If you watch courtroom dramas or CSI on television, you may think you have an accurate understanding of how the criminal court system works. However, real courtroom cases are very different. It’s more akin to a government-run assembly line.
1. The criminal court system starts with an arrest. You will be searched for anything illegal or dangerous. The police search for weapons, drugs, and associated paraphernalia. You will be transported to jail, where you will be fingerprinted and photographed.
2. The police are likely to ask for permission to search your car and home. If they have a search warrant, they do not need your permission. There is no penalty for refusing to permit a search. Only a judge can make the final determination if a search is legal. There is no reason to help the police. Remember, your refusal to consent to a search cannot be used against you.
3. The police investigate and gather evidence. You cannot talk your way out of being arrested or investigated. You should be quiet and let your lawyer do the talking.
4. Within a short period of time (72 hours is common) after your arrest, a judge will do several things:
• Provide you written copy of the criminal complaint against you.
• Explain the crime you are accused of committing.
• Provide you with time to hire an attorney or appoint you an attorney, if you cannot afford one.
• Explain plea options to you.
5. Assuming you enter a plea of not guilty, you may be released, released on bond (if you can pay) or held without bond. A pre-trial or a trial date will be set.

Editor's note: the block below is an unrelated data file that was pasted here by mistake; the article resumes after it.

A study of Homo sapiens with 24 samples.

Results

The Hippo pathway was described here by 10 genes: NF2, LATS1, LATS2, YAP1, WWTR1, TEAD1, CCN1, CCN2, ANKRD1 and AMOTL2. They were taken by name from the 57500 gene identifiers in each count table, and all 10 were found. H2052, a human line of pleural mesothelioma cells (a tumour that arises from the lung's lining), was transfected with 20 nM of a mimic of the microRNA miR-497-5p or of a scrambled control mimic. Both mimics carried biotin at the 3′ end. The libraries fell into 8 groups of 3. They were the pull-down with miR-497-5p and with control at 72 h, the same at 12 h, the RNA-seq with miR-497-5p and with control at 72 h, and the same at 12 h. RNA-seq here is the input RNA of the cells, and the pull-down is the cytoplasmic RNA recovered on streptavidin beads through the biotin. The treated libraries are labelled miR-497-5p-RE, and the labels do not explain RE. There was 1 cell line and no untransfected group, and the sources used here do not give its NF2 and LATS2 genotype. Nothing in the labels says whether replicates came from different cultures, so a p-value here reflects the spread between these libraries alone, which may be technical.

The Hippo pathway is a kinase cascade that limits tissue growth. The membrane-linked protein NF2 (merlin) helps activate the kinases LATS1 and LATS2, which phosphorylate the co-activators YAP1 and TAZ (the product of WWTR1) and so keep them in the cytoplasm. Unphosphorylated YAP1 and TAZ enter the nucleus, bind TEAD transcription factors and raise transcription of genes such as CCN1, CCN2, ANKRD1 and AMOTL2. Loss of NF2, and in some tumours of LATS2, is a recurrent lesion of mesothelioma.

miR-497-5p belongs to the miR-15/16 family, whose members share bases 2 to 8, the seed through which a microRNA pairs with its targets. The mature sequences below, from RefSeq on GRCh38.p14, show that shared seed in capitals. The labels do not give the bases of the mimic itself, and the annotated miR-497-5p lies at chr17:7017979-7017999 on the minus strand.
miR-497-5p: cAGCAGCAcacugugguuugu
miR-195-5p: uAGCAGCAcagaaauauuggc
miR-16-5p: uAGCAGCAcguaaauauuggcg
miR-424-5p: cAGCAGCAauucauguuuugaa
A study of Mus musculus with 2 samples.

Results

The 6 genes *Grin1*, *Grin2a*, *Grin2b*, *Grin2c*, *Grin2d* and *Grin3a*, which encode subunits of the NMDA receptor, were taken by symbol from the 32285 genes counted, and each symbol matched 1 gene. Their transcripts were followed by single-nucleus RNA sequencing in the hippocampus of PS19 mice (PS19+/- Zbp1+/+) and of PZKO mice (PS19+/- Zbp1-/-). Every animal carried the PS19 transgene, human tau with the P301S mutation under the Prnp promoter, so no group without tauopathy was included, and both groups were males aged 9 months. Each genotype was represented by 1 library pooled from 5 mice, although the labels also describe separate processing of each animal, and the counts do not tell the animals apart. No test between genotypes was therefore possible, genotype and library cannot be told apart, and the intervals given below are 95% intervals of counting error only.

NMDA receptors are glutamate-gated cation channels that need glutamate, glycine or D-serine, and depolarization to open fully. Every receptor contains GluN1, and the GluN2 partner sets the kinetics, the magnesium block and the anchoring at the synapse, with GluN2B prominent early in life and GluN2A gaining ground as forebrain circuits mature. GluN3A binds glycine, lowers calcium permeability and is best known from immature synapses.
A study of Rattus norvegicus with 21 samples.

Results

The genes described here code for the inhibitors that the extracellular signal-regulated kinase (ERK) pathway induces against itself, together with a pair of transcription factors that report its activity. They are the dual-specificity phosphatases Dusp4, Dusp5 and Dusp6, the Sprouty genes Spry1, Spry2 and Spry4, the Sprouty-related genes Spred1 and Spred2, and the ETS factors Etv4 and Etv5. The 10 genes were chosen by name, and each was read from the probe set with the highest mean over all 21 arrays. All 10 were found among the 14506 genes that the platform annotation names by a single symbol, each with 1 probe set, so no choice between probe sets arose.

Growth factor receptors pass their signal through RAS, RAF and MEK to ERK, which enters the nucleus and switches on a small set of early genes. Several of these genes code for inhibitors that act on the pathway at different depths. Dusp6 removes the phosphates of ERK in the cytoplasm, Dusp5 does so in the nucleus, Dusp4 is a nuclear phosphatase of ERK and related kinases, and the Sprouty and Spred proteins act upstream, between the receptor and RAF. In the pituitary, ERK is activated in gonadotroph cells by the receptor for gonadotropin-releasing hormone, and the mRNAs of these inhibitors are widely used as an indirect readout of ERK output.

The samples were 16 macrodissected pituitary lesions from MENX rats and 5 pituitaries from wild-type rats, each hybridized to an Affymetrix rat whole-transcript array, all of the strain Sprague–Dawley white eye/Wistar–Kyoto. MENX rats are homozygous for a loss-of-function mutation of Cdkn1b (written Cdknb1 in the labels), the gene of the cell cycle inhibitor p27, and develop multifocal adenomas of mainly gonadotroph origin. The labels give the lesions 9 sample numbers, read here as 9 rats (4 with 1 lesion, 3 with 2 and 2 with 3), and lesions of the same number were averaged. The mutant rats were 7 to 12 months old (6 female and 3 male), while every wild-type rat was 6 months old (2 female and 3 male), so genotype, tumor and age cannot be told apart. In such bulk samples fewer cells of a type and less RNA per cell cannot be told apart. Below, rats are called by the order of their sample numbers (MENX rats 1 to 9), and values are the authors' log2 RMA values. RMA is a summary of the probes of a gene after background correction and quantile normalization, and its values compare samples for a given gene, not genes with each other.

6. Until your trial, the police and the prosecutor will investigate and prepare for the trial. Your lawyer will do the same for you. Cooperate fully with your lawyer and avoid talking to anyone about your case. Remember that the police may question your friends and your family.
7. A plea bargain is frequently reached before the trial. Just because there is a trial date does not mean there will be a trial. It is possible the case will be dropped, depending on what information is discovered during the investigation process.
8. The order of a jury trial is:
• Jury Selection
• Opening Statements
• Prosecution Case
• Defense Case
• Closing Argument
• Jury instructions (if a jury trial)
• Deliberations and verdict.
9. Outcome: Depending on the verdict, you can be found guilty, not guilty, or a mistrial can be declared. In the case of a mistrial, a new trial date will be set. If the jury returns a guilty verdict, the judge will later impose a sentence.
The criminal court system differs from the portrayal shown on TV. Make yourself aware of the basics. Your attorney is trained in the details. The trial process has specific procedures and rules that must be followed. While some people attempt to represent themselves in court, the results are often disastrous. Hire Criminal Defense Lawyers who can really help!